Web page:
March 7, 2019

PIERRE, S.D. (AP) — The Latest on Gov. Kristi Noem’s pipeline protest bills (all times local):

12:55 p.m.

Republican Gov. Kristi Noem’s last-minute bills to address potential Keystone XL oil pipeline demonstrations are all but law.

The GOP-dominated Legislature voted Thursday to approve the pair of measures, which would require pipeline companies to help pay protest-related expenses and create a way to pursue money from those who fund destructive demonstrations.

Republican Rep. Jon Hansen says the measure to go after so-called riot boosting is about upholding the rule of law and holding accountable people who incite violence. The ACLU of South Dakota says it’s currently “weighing all options” to make sure residents’ First Amendment rights are upheld.

Noem’s push comes in the waning days of session, and critics have panned the timing and the administration’s lack of consultation with Native American tribes . Emergency provisions on the bills would make them take effect immediately and block opponents from referring them to a public vote.

The bills come after opponents of the Dakota Access oil pipeline staged large protests that resulted in hundreds of arrests in North Dakota in late 2016.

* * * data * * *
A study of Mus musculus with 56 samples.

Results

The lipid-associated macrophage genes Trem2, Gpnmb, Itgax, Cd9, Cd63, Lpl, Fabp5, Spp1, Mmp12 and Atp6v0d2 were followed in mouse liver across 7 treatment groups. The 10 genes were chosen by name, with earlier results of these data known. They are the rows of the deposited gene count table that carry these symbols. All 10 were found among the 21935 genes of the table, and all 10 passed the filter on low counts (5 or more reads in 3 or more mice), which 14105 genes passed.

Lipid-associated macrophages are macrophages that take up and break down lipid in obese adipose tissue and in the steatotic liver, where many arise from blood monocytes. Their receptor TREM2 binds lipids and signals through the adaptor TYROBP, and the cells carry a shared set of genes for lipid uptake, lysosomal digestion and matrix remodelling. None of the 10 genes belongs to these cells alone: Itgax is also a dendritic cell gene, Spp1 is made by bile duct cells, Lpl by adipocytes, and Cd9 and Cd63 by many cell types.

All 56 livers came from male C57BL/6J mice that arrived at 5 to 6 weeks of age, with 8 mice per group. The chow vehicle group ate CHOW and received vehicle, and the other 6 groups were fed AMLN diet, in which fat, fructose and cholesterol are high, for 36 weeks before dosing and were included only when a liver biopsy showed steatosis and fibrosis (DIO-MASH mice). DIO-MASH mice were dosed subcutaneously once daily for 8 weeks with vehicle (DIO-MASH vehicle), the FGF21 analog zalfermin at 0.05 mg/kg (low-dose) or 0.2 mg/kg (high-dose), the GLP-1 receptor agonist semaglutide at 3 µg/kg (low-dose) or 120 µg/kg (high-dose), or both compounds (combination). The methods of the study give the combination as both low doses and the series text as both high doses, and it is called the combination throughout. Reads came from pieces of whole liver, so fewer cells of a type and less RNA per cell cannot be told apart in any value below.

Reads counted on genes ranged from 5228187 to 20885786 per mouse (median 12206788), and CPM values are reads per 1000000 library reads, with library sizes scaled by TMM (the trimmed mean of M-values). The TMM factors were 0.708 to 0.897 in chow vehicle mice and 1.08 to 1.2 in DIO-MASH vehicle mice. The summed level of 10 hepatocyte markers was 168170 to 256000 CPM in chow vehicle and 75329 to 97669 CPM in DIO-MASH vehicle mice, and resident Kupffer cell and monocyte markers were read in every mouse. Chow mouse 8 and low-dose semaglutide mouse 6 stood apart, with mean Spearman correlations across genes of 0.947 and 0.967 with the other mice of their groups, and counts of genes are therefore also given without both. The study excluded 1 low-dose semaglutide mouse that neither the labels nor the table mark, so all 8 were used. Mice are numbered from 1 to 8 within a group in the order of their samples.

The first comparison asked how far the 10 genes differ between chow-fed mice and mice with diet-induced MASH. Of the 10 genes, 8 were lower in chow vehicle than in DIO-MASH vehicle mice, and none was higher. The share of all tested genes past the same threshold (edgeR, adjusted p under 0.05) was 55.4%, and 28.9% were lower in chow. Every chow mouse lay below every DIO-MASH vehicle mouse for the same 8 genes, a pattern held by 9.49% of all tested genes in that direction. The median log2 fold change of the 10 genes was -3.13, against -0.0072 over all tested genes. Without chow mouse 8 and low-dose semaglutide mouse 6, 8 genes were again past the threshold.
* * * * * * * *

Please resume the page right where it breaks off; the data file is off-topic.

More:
South Dakota senators have passed Gov. Kristi Noem’s last-minute bills to prepare for potential protests over the Keystone XL oil pipeline.

The Senate voted Thursday to send the measures to the House, which was to debate them later that day. The push comes late in session, and critics have panned the administration’s lack of consultation with Native American tribes .

The Republican governor’s bills would require pipeline companies to chip in on protest-related expenses and create a way to pursue money from those who fund destructive demonstrations. Republican Sen. Lee Schoenbeck, a supporter, says the bill going after protest funders seeks to protect families and communities who would be victims of “terrorist conduct.”

Senate Democratic leader Troy Heinert, an opponent, says he thinks it has “constitutional issues” and suspects it will be challenged in court.